With unanimous consent from the Senate Foreign Relations Committee, a revised version of a resolution that originally sought to green-light any Israeli attack on Iran will now pass to the hands of the full Senate. With backing from the influential Israel lobby group AIPAC and 79 co-sponsors, the non-binding resolution looks poised to pass the upper chamber. While the new language assuages some fears about the original bill, the trajectory of the stated push by one of its hawkish co-authors, Lindsey Graham, seems decidedly on track to ratchet up tensions between Iran, and Israel and the United States.
The most troubling clause of the resolution itself—one that pledged unconditional U.S. support, including "military" support, for an Israeli strike on Iran—was modified in a mark-up by the committee. Joel Rubin of the Ploughshares Fund noted to ThinkProgress that invoking the mark-up procedures was "relatively rare for this type of resolution"—perhaps spurred by harsh criticisms and activism by pro-peace groups. One of the latter groups, the liberal pro-Israel group Americans for Peace Now, which pressed its activists to get in touch with their representatives on the Hill, catalogued the changes in the new version in a press release:
- It refers to “legitimate” self-defense, making clear that the U.S. will judge what is and is not genuinely an act of self-defense.
- It explicitly narrows the scope of what would qualify as a legitimate act of self-defense to one taken against “Iran’s nuclear weapons program,” as opposed to any Iranian targets.
- It makes clear that support for Israel in such a case must be in accordance with U.S. law, including constitutional requirements for Congressional authorization of use of force before committing the U.S. to any military action.
The resolution was a centerpiece of AIPAC's legislative agenda coming out of its annual policy conference in March—one of the "asks" its own thousands of activists made of Members of Congress. Yesterday, the group reacted by praising the resolution's move to the full Senate and urging its passage, while never mentioning the language changes. The AIPAC press release added: "The resolution also reiterates that the policy of the United States is to prevent Iran from acquiring a nuclear weapons capability and to take such action as may be necessary to implement this policy." This is indeed the policy of Israel, and the policy of the Romney campaign, and the policy which Graham has pressed—on the same disingenuous grounds as AIPAC—upon the Obama administration, and the policy which the Congress adopted on Graham's heels. But neither Congress nor Netanyahu nor Mitt Romney set U.S. foreign policy: that's left up to the President of the United States. Barack Obama has been unequivocal that he will prevent an Iranian nuclear weapon; the Iranian nuclear "capability" drawing the ire of AIPAC, Netanyahu and Congress is ill-defined, except that it surely sets a lower threshold for war.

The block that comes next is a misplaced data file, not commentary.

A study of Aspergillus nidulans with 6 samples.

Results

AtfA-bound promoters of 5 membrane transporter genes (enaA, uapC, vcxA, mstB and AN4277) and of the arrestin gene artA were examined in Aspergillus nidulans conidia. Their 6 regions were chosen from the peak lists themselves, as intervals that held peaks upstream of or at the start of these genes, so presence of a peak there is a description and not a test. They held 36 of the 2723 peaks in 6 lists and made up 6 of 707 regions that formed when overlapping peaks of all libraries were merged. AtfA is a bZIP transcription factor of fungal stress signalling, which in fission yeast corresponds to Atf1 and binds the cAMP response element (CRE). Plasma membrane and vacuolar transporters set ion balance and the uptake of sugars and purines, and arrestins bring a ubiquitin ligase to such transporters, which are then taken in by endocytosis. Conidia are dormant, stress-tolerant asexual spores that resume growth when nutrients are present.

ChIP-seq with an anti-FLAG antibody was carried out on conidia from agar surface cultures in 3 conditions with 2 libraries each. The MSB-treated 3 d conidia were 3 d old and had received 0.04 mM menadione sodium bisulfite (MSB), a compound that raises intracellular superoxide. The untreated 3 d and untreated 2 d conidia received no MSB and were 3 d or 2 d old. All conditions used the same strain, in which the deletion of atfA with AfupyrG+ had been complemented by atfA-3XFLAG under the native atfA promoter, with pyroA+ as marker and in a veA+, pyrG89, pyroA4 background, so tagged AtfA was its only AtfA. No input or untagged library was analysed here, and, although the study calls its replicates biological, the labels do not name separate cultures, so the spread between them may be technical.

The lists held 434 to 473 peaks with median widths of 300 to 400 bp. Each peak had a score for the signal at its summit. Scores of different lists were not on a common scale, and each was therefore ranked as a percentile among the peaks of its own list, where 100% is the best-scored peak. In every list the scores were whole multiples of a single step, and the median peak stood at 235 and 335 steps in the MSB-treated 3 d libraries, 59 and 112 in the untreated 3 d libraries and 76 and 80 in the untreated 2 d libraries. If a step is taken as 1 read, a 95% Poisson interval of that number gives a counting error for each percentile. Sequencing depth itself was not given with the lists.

To ignore this dynamic is precisely the point. As Scott McConnell wrote of the original version of the bill, the intent was "to broadcast the falsehood that the U.S. and Israel see the Iranian nuclear issue in exactly the same terms." It's perhaps most remarkable because it requires forgetting what happened just a few short months ago when the aforementioned forces—Congress, Netanyahu and Romeny—led respective campaigns to pressure Obama into making the shift from his own "red lines" to Bibi's, which he didn't. Papering over these lasting gaps, as Netanyahu and Obama did in Israel, doesn't make them disappear, but it does maintain for now the improbable illusion that the interests of these two nuclear-armed allies are perfectly aligned.
Netanyahu, AIPAC and Graham's Congressional pushes do, however, present this kind of unity. And that's precisely why we ought to be worried. Graham told the Washington Post's neoconservative blogger Jen Rubin—herself a war hawk—his intentions when the resolution was first introduced in January: "You have to build a case,” he said. Rubin paraphrased: "Graham favor step-by-step [sic] approach," she wrote. "First, you rule out containment, then pledge support to Israel, and if that doesn’t work, tell Obama, 'Mr. President, here’s authorization'"—that is, the authorization for the use of military force. The resolution explicitly says it shouldn't be "construed as an authorization for the use of force or a declaration of war," but Graham's plan doesn't require an authorization now. He's saving that for later. It's safe to assume AIPAC is on board and, perhaps most consequentially, Netanyahu too.